Front Page Titles (by Subject) The Economics of Strict Liability - Literature of Liberty, Winter 1980, vol. 3, No. 4
Literature of Liberty: A Review of Contemporary Liberal Thought was published first by the Cato Institute (1978-1979) and later by the Institute for Humane Studies (1980-1982) under the editorial direction of Leonard P. Liggio.
“Law Amid Flux: The Economics of Negligence and Strict Liability in Tort.” The Journal of Legal Studies 9(March 1980):291–318.
Professor Rizzo examines the efficiency rationale for negligence law and analyzes some of the economic aspects of a system of strict liability. He concludes that, since efficiency is an impossible goal for tort law and since the law cannot and should not aim for the impossible, we must reject both the normative and positive justification for the efficiency approach to tort law. Consequently a system of strict liability is preferable to one of negligence.
In a dynamic, real world the uncertainties of technological change, the ambiguities of foreseeability, and the absence of an objective measure of social cost make the efficiency paradigm an illusion. The strict liability standard introduces certainty in the legal order since courts do not have to grapple with such elusive problems as foreseeability, cheaper-cost avoider, social cost, and second best (all of which Rizzo discusses and illustrates as components in the dynamics of negligence). A system of strict liability, which holds a defendant tort feasor liable for damages proximally caused irrespective of the reasonableness of his behavior, is said to be superior to cost benefit analysis or judicial “fine tuning.” This is the case because we live in a dynamic world in which the information by the “fine-tuners” is not available.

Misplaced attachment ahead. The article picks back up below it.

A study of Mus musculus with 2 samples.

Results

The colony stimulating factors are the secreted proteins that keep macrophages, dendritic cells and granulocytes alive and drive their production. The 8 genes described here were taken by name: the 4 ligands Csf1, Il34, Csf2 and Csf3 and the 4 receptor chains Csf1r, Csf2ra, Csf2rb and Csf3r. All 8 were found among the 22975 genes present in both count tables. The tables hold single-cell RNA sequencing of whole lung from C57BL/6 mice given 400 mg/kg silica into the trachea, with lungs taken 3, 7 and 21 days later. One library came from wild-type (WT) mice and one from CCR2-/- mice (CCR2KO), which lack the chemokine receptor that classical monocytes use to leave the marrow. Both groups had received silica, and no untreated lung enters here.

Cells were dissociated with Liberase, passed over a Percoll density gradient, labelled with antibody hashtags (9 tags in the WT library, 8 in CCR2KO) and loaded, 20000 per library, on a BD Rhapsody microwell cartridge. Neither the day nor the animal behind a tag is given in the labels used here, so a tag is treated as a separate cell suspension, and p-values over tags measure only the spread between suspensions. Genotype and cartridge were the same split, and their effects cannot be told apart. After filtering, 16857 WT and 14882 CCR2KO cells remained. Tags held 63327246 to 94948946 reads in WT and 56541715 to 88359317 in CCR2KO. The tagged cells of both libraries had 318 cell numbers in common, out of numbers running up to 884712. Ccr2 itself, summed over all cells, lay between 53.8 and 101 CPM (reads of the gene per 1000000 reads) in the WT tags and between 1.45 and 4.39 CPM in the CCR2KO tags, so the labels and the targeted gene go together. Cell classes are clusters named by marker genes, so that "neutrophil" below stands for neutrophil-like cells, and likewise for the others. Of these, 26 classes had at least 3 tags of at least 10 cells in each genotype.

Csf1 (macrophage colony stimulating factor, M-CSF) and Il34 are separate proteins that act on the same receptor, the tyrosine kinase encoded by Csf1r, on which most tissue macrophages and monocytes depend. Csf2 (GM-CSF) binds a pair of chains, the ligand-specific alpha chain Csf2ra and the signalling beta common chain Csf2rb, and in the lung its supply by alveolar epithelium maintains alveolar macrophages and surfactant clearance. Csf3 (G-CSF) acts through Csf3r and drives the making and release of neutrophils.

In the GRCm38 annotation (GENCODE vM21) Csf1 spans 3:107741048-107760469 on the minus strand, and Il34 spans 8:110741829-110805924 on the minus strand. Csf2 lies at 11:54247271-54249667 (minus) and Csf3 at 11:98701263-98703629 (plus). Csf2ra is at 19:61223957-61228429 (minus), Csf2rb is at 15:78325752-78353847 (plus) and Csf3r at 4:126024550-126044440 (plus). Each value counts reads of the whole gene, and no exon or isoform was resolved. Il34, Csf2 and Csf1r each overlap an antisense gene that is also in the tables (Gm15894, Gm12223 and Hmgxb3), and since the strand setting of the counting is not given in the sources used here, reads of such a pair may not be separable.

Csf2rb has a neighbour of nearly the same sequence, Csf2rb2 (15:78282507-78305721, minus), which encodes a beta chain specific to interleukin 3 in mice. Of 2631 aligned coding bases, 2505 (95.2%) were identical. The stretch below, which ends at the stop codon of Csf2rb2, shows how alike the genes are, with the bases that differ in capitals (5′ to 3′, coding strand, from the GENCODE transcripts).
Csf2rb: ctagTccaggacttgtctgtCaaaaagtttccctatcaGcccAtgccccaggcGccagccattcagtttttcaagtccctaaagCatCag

Rizzo contends that strict liability would not necessarily increase the scope of liability. Since it is based on straightforward, commonsense causal paradigms, it would minimize the number of issues which must be considered in a given case. It should promote greater certainty about the locus of responsibility in accidents. This greater certainty promotes efficiency in the basic institutional sense because property rights become more clearly defined. By simplifying the grounds on which cases are decided, the parties to a dispute are more likely to agree on the probabilities of the outcome. This would result in less litigation and more out-of-court settlements.